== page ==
Con Lavery: Dapper and determined solicitor died suddenly on holiday in Spain
NEAT, precise and always immaculately turned out, solicitor Con Lavery made an impression anywhere he went.
Right back from his schooldays at St Colman's College, Newry he stood out, with one fellow student recalling how he had "never seen as dapper an 11-year-old".
And Con brought this attention to detail into his working life, becoming renowned for his thoroughness and professionalism in legal circles.
In emotional tributes before friends, family and colleagues at Banbridge Magistrates Court last week, District Judge Paul Copeland said he "presented cases with a forensic economy - every word struck home with purpose and focus".
"Some 40 years in practice earned him an enviable reputation for expertise, judgement and professional skill," he said.
"He had a quiet, good-humoured, unflappable and assured demeanour, but nonetheless he was tenacious and resolute in a just outcome for his clients."
He added: "He was a good man, a fine lawyer and a good friend. I am so sorry we have lost him."
Mr Lavery, who died suddenly aged 66 while on holiday in Spain, had been a highly-respected solicitor based in Banbridge.
He was born in Derrymacash in Co Armagh, the middle of three sons of the late Bill and Eileen Lavery, and after studying law at Queen's University alongside Judge Copeland he became an apprentice solicitor with Eamon McEvoy & Co in Lurgan in 1975.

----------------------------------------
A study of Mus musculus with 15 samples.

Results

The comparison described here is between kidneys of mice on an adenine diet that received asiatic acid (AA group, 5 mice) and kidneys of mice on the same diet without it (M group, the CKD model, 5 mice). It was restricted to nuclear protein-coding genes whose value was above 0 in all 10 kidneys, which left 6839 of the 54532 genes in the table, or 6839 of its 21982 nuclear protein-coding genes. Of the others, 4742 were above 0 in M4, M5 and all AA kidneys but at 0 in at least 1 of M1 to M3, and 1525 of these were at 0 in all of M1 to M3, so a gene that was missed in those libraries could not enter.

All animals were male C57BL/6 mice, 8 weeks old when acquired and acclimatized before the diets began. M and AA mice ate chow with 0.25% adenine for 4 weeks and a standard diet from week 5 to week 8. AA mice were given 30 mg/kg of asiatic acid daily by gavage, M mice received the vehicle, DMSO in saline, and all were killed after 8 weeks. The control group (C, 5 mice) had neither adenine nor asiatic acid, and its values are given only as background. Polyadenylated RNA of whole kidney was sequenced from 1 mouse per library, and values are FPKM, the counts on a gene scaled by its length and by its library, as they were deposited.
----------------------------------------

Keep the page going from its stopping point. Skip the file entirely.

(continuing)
From early on he specialised in conveyancing and after the firm branched out to Banbridge in 1981, he and his wife Ethna made the town their home.
The couple had met as undergraduates at Queen's in 1973 and married in 1980 in Belfast. They were blessed with two children - James and Helen - as well as two grandchildren.
In 2004 Con set up his own business, Con Lavery & Co, offering the full range of services from offices in Bridge Street.
Frank McCartan, who worked with him at McEvoy & Co and in recent years in his own firm, said his death was a devastating blow to staff and the wider legal world.
"Con was a very affable man, very easy-going, very friendly and very trustworthy and reliable," he said.
"He was the sort of man who bought his round, as the saying goes, and no-one ever had a bad word to say about him. He will be very sadly missed."
Outside work Con was passionate about sailing, owning a boat and enjoying days out on Strangford Lough.
He also followed rugby and GAA and read widely, a renaissance man who always wore his intelligence lightly.
Conleth Lavery died on September 29 and his funeral took place at St Thérèse’s Church, Banbridge last Sunday.
He is survived by his wife Ethna, son James, daughter Helen, daughter-in-law Sarah Louise and grandchildren Lilly and Jake.